Have you ever seen a free climber hanging by their fingertips from a 100-feet precipice?
How about a snowboarder throwing themselves down a beasty backcountry descent, a paraglider weaving through alpine peaks or a mountain biker navigating roots, rocks and gnarly drops at speed?
Extreme sports enthusiasts regularly throw themselves into the abyss and hope for the best. They’re self-confessed addicts who dance in the face of danger and chase their next high.
To the ordinary person, it seems crazy. For others it’s just another day in the office…
Those capable of leaving fear behind. Who rise above it all and break through to the other side. Who crush it and channel it into something positive. They’re the ones who inspire us.
But are they mad or is fear something each and every one of us can overcome?
Fear and Failure
Fear is only natural. It follows us most places, and affects us to varying degrees.
What we do. How we do it. Whether we do ‘it’ at all. Our decisions, and subsequent actions are often shaped by our fear response. It’s called self-preservation.
However, if you ever want to fully embrace dangerous sports and realise your potential, you must first learn how to take control of your emotions in high risk situations.
We’re not talking about avoiding public embarrassment or jumping out of your skin during a horror movie when we talk about fear in this sense.
As you progress in an extreme sport like mountain biking or climbing, you put yourself in increasingly dangerous situations. Inevitably it means that painful accidents, injuries (or worse) become a real possibility—and it doesn’t matter how mad you are, no-one wants that.
Fear of suffering is the most debilitating of them all, and the biggest hurdle you’re likely to face, and one you’ll only clear when you’re able to come to terms with the worst case scenario.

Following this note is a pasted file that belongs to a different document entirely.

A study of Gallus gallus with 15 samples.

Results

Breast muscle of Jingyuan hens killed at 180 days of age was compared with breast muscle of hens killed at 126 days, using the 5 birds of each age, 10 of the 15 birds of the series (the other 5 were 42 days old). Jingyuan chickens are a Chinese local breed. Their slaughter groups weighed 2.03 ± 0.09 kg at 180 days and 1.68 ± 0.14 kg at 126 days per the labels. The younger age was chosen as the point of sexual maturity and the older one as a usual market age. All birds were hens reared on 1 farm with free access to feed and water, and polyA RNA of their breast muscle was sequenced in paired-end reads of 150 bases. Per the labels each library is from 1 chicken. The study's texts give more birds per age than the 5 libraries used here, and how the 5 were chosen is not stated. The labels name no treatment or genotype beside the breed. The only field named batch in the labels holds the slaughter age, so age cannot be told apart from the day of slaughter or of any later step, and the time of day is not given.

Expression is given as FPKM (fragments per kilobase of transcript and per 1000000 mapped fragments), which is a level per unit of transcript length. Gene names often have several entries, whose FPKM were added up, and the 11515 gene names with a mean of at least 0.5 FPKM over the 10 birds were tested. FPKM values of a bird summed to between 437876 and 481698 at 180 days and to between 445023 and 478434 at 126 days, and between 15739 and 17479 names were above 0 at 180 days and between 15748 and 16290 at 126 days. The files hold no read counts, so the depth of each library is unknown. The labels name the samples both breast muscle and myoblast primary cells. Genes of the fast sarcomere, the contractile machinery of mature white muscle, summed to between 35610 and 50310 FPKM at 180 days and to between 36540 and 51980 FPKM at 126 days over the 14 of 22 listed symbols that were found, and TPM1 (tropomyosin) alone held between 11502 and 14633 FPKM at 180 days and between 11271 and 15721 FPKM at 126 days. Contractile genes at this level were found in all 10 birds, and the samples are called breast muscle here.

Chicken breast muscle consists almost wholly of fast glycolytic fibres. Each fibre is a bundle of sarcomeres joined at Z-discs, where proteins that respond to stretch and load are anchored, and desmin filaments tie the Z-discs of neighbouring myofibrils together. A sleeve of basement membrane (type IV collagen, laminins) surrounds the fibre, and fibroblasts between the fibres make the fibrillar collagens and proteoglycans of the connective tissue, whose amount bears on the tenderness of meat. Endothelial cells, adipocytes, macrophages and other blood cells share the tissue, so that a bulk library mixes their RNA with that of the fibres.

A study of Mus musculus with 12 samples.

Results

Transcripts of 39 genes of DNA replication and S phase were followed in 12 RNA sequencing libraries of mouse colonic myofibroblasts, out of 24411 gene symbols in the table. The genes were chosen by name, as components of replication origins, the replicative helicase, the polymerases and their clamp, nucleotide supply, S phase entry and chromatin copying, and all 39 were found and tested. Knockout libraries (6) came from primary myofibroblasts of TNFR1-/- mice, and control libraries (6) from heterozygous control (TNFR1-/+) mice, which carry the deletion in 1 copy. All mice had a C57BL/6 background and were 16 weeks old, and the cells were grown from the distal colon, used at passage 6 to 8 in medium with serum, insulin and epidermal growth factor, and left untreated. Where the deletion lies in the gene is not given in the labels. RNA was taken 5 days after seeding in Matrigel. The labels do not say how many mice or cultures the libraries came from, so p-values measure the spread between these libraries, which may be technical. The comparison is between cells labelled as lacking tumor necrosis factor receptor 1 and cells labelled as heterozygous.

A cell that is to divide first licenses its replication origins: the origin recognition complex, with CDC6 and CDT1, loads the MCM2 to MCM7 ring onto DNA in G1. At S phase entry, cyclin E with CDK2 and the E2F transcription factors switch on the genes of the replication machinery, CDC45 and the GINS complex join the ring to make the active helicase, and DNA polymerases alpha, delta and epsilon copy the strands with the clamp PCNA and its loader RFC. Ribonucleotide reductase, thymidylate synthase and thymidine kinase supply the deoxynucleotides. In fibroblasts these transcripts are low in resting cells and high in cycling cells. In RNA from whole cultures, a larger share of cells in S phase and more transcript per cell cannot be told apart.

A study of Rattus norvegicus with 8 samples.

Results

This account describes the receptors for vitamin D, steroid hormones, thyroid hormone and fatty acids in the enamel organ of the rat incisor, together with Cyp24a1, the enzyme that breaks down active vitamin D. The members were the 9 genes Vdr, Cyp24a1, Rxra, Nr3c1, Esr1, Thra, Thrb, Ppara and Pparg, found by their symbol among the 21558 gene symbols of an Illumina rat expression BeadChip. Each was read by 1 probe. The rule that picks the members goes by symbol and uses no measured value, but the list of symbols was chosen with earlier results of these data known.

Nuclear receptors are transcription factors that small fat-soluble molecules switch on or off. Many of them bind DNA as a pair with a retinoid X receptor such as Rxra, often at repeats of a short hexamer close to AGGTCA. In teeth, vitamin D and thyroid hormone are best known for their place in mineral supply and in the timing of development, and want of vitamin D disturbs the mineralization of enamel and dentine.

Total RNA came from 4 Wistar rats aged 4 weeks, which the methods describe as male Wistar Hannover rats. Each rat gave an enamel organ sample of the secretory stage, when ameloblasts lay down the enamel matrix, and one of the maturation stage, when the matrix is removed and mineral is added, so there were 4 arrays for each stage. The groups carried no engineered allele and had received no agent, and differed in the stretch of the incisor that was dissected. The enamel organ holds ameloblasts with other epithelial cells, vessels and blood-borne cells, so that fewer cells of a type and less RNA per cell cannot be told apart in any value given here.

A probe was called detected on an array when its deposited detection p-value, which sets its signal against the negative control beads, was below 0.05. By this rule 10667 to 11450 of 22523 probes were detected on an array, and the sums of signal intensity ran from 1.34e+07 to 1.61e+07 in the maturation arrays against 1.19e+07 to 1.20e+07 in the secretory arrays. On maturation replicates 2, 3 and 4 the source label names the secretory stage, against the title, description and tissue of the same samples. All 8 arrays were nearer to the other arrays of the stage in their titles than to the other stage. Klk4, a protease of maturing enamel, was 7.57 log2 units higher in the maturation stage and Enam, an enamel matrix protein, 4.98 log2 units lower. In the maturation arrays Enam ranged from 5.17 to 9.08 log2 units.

When you accept it could happen, but probably won’t.
“With a hint of good judgment, to fear nothing, not failure or suffering or even death, indicates that you value life the most. You live to the extreme; you push limits; you spend your time building legacies. Those do not die.” – Criss Jami, author of Killosophy
Just because you feel fear doesn’t mean you have to succumb to it.
When we make the conscious decision to do something in spite of everything our gut is telling us, we begin to break down our inner barriers, and build self belief.
Fear, after all, is rooted in the idea of failure.
It’s always a possibility when trying something new—a new trail, a new route, a new sport. And when we convince ourselves that failure is this horrible beast we need to avoid, that we also avoid trying at all.
This is when you can begin to look at fear and failure in a different way…
“Failure isn’t real, it doesn’t exist,” says Sports Performance Mentor Gary Gingham.
“Man, at some point, invented the concept of failure. When primitive man was trying to light his first fire, do you think he said “I keep failing” or did he say after the 100th attempt “I’m 100 steps closer to being warm”.
Whatever it is you do, as long as you’re realistic, take those 100 steps over time, and learn from each and every one of them, you’ll grow in confidence and competency.
So, what’s the secret to overcoming your fear? Self belief.
Trust in your judgement, your gear and your ability. Believe that you are capable of achieving whatever it is you’re trying to achieve. Look fear square in the face.
Use proven mind techniques like self talk and mantras to remove all sense of doubt.
“More often than not, when we feel afraid, we’re actually safe,” says mountain climber Samantha Larson, who summited Mount Everest aged 18. “Mindfulness techniques can be very helpful in working through fear in almost any situation, and that means going through the process of recognizing that you feel afraid, analyzing whether you’re actually in a dangerous situation, using that analysis to decide how you want to navigate the situation, and then trusting in that decision and acting on it with purpose.”
Once you have that self belief you are able to fully commit—and that’s one of the most important factors in driving better performance. Don’t tense up, relax. Don’t hesitate, accelerate.
Evolving the Psyche
We’re so often the barrier to our own success.
Masters at formulating reasons and excuses—it’s in our DNA to exercise caution. But we also possess the power to change the way we perceive and confront things.
According to psychologists Eric Brymer and Robert Schweitzer, in facing our “greatest ‘true’ fears whether they be death, uncertainty or something else and taking action despite these fears, we transcend our own limitations and invite new possibilities into our lives.”
Extreme sports enthusiasts accept their mortality, they know they’re not invincible. And yet, they still throw caution to the wind. Why? Because they don’t let fear stand in their way.